As the COVID-19 pandemic has continued much longer than most of us expected, we have become far more aware of how interconnected our lives are, and that what happens in one part of the world may have impact over geographical distances and time zones. From the initial manifestation which was perceived as localised, the variants of the virus have impacted every part of the world disrupting travel, prompting lockdowns and other forms of restrictions on mobility.
We have learned to work from our homes, to teach online and to meet virtually. We have been amazed at how much is possible with the use of technology and yet, we have become aware of just how essential human connection is to our well-being and quality of life. At the University of Canterbury, we were impressed with the large number of students who persevered and returned to the campus after lockdown despite continued online teaching. From seeing students connecting in study groups, in the library and other common spaces, there was evidently a strong desire to be with peers even with safety protocols in place.
Connecting for a common purpose is the mission that brings 500 member universities together as the ACU. As the one of the world’s oldest university networks, the pandemic has seen the ACU show innovation in continuing to foster and promote international connection and collaboration in higher education for the greater public good. The pandemic has cast the global spotlight on the value and impact of university research. Through the convening power of the ACU’s network, universities across the Commonwealth are working together to tackle the global challenges we all face. From public health to the climate crisis, ACU member universities are spearheading research and innovation, educating the next generation, and engaging the public in debate and action.
Guided by our foundational belief that international connection and collaboration is key to the transformative power of higher education, the ACU has leveraged multiple channels to ensure that its members have stayed connected throughout the pandemic. At the same time, however, there are countries and communities that are disproportionately impacted by the pandemic. Now, more than ever before, universities need to harness our collective expertise, draw on our diverse communities and work together for a more equitable and sustainable world.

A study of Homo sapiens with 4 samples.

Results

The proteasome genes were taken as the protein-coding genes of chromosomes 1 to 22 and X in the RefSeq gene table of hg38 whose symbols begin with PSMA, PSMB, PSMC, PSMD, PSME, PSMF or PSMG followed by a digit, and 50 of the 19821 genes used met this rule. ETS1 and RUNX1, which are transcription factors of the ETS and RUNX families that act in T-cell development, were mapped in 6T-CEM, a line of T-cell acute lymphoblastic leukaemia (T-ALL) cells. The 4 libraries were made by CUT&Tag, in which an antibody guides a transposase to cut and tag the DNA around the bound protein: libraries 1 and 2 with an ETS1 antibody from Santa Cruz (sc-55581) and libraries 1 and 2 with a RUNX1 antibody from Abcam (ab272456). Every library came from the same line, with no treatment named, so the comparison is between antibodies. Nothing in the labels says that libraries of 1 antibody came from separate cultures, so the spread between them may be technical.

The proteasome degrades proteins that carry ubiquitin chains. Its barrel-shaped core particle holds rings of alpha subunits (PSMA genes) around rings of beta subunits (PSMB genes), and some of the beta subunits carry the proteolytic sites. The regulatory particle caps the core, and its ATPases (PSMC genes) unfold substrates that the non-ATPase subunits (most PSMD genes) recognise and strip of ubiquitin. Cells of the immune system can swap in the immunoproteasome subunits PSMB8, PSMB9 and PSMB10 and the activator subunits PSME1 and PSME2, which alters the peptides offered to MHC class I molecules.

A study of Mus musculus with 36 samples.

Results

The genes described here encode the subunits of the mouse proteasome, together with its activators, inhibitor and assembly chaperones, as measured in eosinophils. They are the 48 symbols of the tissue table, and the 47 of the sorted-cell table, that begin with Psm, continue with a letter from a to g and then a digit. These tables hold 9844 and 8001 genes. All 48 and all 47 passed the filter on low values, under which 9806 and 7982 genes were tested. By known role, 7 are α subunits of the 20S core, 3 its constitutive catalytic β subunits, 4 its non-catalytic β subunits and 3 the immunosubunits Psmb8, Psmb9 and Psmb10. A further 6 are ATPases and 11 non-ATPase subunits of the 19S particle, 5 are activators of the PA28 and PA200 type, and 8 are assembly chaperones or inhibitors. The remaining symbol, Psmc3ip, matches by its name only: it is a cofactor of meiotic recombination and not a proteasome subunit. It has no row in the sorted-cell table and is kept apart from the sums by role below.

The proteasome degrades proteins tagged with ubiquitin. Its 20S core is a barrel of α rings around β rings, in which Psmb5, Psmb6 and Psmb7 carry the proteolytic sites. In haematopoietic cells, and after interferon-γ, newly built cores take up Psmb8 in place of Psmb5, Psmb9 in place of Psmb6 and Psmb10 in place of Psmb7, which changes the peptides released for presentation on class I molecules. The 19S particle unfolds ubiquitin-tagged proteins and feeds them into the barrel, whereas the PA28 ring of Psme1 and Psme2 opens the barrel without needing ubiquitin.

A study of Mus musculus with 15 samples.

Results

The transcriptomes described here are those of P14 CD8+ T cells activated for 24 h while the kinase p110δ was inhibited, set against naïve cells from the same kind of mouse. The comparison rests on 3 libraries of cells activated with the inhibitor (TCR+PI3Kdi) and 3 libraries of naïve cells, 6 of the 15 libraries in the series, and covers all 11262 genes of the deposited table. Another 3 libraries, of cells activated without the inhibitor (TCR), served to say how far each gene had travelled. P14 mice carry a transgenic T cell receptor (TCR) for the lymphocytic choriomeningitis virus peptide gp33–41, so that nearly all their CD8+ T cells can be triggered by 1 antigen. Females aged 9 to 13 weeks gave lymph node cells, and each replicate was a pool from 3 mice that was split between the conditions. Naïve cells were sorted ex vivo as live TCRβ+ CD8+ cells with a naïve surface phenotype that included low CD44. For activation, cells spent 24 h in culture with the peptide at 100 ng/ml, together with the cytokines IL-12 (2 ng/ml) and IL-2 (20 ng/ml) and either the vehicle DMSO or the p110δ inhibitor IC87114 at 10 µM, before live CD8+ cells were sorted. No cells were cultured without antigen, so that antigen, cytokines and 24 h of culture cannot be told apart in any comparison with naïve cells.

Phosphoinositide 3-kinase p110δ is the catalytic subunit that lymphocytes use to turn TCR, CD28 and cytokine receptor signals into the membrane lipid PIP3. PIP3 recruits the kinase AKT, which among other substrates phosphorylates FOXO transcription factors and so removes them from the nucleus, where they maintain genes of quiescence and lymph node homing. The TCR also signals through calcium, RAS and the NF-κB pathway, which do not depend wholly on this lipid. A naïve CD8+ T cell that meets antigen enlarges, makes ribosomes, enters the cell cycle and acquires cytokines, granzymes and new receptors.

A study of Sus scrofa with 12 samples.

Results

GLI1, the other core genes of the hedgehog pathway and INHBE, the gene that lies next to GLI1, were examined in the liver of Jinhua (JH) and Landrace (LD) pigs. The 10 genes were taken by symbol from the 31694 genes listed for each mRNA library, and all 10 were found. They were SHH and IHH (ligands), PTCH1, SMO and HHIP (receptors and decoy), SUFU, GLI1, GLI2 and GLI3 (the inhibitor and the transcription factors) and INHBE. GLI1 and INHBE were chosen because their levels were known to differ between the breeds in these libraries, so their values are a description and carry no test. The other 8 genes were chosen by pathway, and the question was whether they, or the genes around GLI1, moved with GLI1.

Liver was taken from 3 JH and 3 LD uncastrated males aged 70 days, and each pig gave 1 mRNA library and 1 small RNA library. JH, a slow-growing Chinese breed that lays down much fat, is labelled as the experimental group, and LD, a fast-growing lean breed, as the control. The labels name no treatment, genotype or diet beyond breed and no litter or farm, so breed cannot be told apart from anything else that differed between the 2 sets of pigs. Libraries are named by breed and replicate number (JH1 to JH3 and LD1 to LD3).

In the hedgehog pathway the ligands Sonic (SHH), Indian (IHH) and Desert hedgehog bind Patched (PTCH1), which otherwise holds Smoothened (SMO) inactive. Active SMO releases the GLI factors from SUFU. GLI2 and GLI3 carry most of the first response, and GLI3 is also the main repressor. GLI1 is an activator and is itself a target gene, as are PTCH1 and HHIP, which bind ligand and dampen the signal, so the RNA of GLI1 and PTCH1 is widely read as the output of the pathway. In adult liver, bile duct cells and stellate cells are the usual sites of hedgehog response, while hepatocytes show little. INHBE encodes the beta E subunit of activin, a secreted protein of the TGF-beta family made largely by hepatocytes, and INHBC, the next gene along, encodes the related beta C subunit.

As the newly elected Chairperson, I am honoured to have the opportunity to work with university leaders across the ACU network. From broadening access to higher education through innovative blended learning programmes to expanding international mobility opportunities through virtual and physical modalities – I am eager to see what we can achieve as a global community in 2022.
As we look ahead, I look forward to working with ACU member universities to use the considerable innovation and creativity universities have shown over the last year to contribute to building a future focussed on equity, sustainability and wellbeing.
The ACU Council is our governing body and is responsible for overseeing the organisation’s activities and determining its future strategic direction. Council members also act as our Trustees.
The Council is made up of a maximum of 23 members, who are vice-chancellors of ACU member universities from across the Commonwealth, elected by their peers within the ACU membership network.